Garland Bars Political Appointees at DOJ From Attending Political Events
WASHINGTON — Attorney General Merrick Garland informed Justice Department staff on Tuesday that he is barring political appointees in the department from attending all political events.
Garland disclosed the new policy, which is more restrictive than in years past, in a memo to all “non-career” staff.
“As department employees, we have been entrusted with the authority and responsibility to enforce the laws of the United States in a neutral and impartial manner,” Garland wrote.
“In fulfilling this responsibility, we must do all we can to maintain public trust and ensure that politics — both in fact and appearance — does not compromise or affect the integrity of our work,” he said.
Although longstanding department policy has permitted non-career appointees to attend partisan political events, including fundraisers and campaign events, in their personal capacities so long as they “participated passively and obtained prior approval,” Garland is taking a much harder line, mandating that non-career appointees “may not participate in any partisan political event in any capacity.”
And if that wasn’t clear enough, the attorney general goes on to state “this restriction applies to both public and non-public partisan political events.”
Garland is also doing away with past exceptions that allowed for “limited attendance” at partisan political events during presidential election years” and in cases where appointees had close family members who were running for partisan offices or similar situations.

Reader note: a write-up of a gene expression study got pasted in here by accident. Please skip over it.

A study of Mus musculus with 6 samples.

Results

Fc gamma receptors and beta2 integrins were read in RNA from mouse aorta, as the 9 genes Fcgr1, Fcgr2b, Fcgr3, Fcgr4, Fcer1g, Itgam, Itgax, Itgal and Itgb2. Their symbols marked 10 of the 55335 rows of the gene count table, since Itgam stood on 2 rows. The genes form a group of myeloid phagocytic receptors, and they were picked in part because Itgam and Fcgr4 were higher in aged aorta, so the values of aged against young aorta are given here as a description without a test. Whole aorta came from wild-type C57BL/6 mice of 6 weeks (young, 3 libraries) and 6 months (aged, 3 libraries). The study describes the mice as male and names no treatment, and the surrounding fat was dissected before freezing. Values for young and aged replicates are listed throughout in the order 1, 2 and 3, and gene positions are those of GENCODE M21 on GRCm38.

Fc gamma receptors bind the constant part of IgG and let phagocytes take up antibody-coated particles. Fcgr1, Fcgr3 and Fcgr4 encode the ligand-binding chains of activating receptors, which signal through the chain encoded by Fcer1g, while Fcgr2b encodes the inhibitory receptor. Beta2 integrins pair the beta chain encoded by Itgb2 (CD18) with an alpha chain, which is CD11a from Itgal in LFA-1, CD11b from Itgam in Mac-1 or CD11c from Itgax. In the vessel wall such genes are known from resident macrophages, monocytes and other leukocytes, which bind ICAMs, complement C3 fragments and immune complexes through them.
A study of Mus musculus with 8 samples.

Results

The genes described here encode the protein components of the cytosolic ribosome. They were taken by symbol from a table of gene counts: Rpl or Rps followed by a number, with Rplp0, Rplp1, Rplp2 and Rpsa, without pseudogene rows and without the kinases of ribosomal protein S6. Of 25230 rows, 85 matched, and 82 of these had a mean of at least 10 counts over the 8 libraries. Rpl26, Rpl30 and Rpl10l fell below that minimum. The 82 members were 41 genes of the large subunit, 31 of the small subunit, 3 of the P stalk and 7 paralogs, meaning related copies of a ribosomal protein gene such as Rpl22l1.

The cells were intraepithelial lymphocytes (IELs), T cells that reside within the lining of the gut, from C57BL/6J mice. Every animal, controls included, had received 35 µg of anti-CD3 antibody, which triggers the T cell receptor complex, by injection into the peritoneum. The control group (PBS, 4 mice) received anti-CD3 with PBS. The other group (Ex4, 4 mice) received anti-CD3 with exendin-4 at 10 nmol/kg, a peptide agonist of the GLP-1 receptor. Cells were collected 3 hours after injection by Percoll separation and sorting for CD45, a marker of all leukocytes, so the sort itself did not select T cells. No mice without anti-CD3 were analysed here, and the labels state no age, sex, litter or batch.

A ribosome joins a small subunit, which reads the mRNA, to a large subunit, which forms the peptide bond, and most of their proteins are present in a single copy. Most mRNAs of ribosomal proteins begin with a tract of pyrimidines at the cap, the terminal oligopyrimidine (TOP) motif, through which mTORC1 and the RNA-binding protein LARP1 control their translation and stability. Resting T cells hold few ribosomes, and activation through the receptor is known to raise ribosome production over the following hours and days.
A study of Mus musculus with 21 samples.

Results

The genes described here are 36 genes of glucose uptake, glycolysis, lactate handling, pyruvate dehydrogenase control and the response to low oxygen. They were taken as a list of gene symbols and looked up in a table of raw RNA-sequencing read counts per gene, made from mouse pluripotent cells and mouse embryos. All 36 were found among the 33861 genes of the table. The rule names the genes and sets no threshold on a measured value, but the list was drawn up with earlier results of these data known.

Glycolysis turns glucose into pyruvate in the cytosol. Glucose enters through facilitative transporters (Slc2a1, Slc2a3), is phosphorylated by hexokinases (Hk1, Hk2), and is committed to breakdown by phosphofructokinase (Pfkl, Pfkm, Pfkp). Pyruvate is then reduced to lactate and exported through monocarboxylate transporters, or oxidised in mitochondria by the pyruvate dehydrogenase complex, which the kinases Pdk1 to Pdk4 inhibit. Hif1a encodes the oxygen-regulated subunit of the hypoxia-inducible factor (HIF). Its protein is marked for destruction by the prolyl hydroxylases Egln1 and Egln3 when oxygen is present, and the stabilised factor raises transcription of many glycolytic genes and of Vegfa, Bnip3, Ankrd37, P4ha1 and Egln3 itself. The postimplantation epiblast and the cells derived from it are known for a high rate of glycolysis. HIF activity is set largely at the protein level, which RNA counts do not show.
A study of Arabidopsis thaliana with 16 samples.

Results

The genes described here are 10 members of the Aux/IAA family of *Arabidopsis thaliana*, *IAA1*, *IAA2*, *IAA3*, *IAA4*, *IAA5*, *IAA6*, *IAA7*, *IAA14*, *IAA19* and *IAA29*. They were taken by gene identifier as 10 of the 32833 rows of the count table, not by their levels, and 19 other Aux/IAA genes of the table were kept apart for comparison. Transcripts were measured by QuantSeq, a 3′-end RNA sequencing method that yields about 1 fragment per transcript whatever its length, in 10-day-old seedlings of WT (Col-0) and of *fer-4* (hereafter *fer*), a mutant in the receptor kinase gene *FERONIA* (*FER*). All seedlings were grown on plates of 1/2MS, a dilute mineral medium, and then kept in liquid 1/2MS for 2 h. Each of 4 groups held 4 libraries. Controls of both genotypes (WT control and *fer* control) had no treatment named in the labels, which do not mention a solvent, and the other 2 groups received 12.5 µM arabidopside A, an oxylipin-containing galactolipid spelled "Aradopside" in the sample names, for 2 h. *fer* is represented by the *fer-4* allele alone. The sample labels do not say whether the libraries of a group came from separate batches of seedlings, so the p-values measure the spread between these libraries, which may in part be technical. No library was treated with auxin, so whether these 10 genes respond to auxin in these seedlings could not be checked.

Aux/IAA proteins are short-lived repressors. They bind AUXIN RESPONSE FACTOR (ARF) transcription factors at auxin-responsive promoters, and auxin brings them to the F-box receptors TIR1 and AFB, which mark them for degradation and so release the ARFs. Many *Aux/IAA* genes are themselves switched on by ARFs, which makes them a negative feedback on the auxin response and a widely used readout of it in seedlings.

“The new policy permits no exceptions,” he said.
Finally, Garland noted that in the past the department allowed non-career employees to “passively attend campaign events and other partisan political events in their personal capacities on the evening of Election Day.”
“Under the new policy, non-career appointees may not attend partisan political events, even on the evening of Election Day.”
The new policy of course comes just months ahead of what are expected to be contentious midterm elections and as the department is pursuing a number of investigations related to the storming of the U.S. Capitol on Jan. 6, 2021, and, more recently, former President Donald Trump’s handling of classified documents.
Trump and his allies have repeatedly asserted the investigations involving him are motivated by nothing more than heavy-handed politics and, since the raid on the former president’s home in Palm Beach, Florida, that the department and its agents have become the tools of those with hostile political agendas.
Despite the fusillades from the Trump right, Garland has said in the past that one of his top priorities is restoring the political independence of the department and its investigations.
He closed the memo in that spirit:
“I know you agree it is critical that we hold ourselves to the highest ethical standards to avoid even the appearance of political influence as we carry out the department’s mission,” he wrote.
“It is in that spirit that I have added these new restrictions on political activities by non-career employees,” Garland added.